BURLINGTON, ONT. – A new $80 million UPS centre is using a logistics management system that allows the company to keep track of everything in its inventory from morphine to mission-critical hardware.
On Wednesday, UPS, which will celebrate its 100th birthday next year, unveiled an 800,000 sq. ft. logistics campus in Burlington, Ont. for its supply chain solutions. This includes a 207,000 sq. ft. health care building and a 600,000 sq. ft. consumer and high-tech building, plus room to build an additional 300,000 sq. ft. building in the future.
The Burlington site, which is located 45 minutes west of Toronto, is the second largest centre of its kind in North America and is one of five like it in North America. The other locations are Louisville, Ky., Mira Loma, Calif., Roermond, Netherlands and Singapore.
Brad Mitchell, president of UPS supply chain solutions in Canada, said the opening of the campus is “another leap forward for Canadian businesses competing in a global market.” Mitchell, who grew up in Burlington, added he remembers riding his bike through the same fields that the UPS site now sits on when he was a teenager. Mitchell said the logistics centre will also allow businesses to leverage UPS’ IT network.
In the last year, UPS has invested $1 billion in technology, according to the company. IT is an integral part of UPS’ business, helping it to not only track its own inventory but to save its customers time and money, said Marvin Rosenzweig, vice-president of business development, UPS supply chain solutions. By helping its customers better manage their supply chains, UPS said customers experience a 10 to 20 per cent drop in cost, which is largely attributable to less storage space required for their inventory.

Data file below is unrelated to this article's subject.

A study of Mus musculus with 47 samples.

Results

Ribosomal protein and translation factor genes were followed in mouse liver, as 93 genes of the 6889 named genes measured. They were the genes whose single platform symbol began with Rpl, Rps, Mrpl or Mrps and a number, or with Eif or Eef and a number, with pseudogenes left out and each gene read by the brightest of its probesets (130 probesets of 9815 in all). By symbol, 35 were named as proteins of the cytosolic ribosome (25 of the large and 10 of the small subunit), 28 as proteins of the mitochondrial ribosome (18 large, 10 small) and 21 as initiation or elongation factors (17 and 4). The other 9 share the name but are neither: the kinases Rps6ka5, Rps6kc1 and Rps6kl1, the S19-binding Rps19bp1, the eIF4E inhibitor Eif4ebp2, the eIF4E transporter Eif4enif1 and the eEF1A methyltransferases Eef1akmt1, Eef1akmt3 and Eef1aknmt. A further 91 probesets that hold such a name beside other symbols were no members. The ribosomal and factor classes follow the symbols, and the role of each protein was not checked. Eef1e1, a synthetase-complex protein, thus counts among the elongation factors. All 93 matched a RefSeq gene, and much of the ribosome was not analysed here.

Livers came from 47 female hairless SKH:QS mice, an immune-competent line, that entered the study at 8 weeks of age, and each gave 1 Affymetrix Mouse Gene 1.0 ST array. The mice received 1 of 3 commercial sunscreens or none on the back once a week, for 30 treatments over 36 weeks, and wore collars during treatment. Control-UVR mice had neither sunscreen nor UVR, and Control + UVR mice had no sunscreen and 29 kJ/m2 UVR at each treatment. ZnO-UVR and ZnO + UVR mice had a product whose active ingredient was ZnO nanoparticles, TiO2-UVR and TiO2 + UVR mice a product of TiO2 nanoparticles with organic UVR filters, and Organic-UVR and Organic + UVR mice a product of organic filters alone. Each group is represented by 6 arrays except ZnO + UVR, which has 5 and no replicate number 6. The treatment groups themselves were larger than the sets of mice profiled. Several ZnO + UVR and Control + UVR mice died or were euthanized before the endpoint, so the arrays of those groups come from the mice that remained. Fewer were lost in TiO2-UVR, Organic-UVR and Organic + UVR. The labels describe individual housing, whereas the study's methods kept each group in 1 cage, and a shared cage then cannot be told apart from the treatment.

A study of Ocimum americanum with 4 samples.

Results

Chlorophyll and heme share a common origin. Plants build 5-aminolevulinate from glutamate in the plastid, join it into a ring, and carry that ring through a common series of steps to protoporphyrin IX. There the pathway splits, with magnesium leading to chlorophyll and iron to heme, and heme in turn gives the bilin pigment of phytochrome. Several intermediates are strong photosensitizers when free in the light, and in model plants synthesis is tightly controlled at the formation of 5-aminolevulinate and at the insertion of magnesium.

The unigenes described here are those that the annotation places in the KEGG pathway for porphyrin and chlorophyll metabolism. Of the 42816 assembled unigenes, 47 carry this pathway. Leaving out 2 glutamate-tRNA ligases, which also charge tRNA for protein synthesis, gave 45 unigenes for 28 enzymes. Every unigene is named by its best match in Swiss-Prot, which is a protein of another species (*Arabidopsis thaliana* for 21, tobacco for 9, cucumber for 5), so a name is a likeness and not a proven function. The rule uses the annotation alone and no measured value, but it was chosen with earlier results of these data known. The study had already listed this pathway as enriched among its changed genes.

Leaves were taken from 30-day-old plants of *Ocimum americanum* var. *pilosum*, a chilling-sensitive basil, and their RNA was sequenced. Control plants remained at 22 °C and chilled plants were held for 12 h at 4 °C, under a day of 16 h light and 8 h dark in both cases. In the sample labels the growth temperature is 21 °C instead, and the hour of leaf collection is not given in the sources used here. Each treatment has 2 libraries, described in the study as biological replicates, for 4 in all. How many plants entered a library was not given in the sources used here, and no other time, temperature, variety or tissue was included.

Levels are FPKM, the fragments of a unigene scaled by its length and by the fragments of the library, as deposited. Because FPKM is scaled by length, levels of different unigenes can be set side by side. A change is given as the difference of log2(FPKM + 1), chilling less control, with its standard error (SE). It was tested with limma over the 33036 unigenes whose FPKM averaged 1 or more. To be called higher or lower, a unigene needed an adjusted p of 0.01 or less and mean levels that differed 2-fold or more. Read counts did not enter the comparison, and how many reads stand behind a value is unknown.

Six years ago, UPS began developing its own logistics management system (LMS) after it acquired legacy code from Cambar Solutions in 2000.
Bringing the code in-house has allowed UPS to build functionalities into its software based on customer demand such as advanced shipping notice and the ability to make changes to labels. UPS’s IT team updates the application four times per year to keep up with these changes.
The LMS is made up of five modules, including order entry, warehousing, electronic data interchange (EDI), invoices and transport management. The software also features a Web-based front end that allows UPS employees to monitor inventory internally and clients to track their shipments on a user and password-protected Web site.
The LMS system is integrated into radio frequency handheld devices that the 260 employees at the two buildings at the Burlington site use to locate where to pick up product. While the health care and consumer and high-tech buildings are supported by different versions of the system, the LMS allows UPS to easily transfer employees from one building to another.
As the health-care building is subject to government regulations set out by Health Canada, UPS is required to keep inventory, which includes blood, vaccines, and narcotics, the latter of which are stored in a vault that can only be accessed by a government-authorized employee, at a certain temperature. UPS achieves this by monitoring temperature 24-hours a day using a customized system that meets with government standards. Another system also controls the lighting in the warehouse, which saves energy by leaving an unused area dimly lit until an employee enters the aisle.
In the other building, UPS has a section that’s devoted to its technology clients like Hewlett-Packard, Avaya and NCR Canada. Here, UPS stores hardware parts that the company will asked to be shipped to a customer site in the event of a system or part failure. If the hardware is part of an organization’s mission critical system, such as a financial institution’s data centre, UPS will deliver the part using its same day service.
“This allows the technician to focus on field service rather than pick up a part,” said Rosenzweig.
As for future plans for the site, Rosenzweig said UPS is currently working on a variety of projects to prove the cost effectiveness of radio frequency identification technology but so far he said the tags are still too expensive to implement the technology on a massive scale.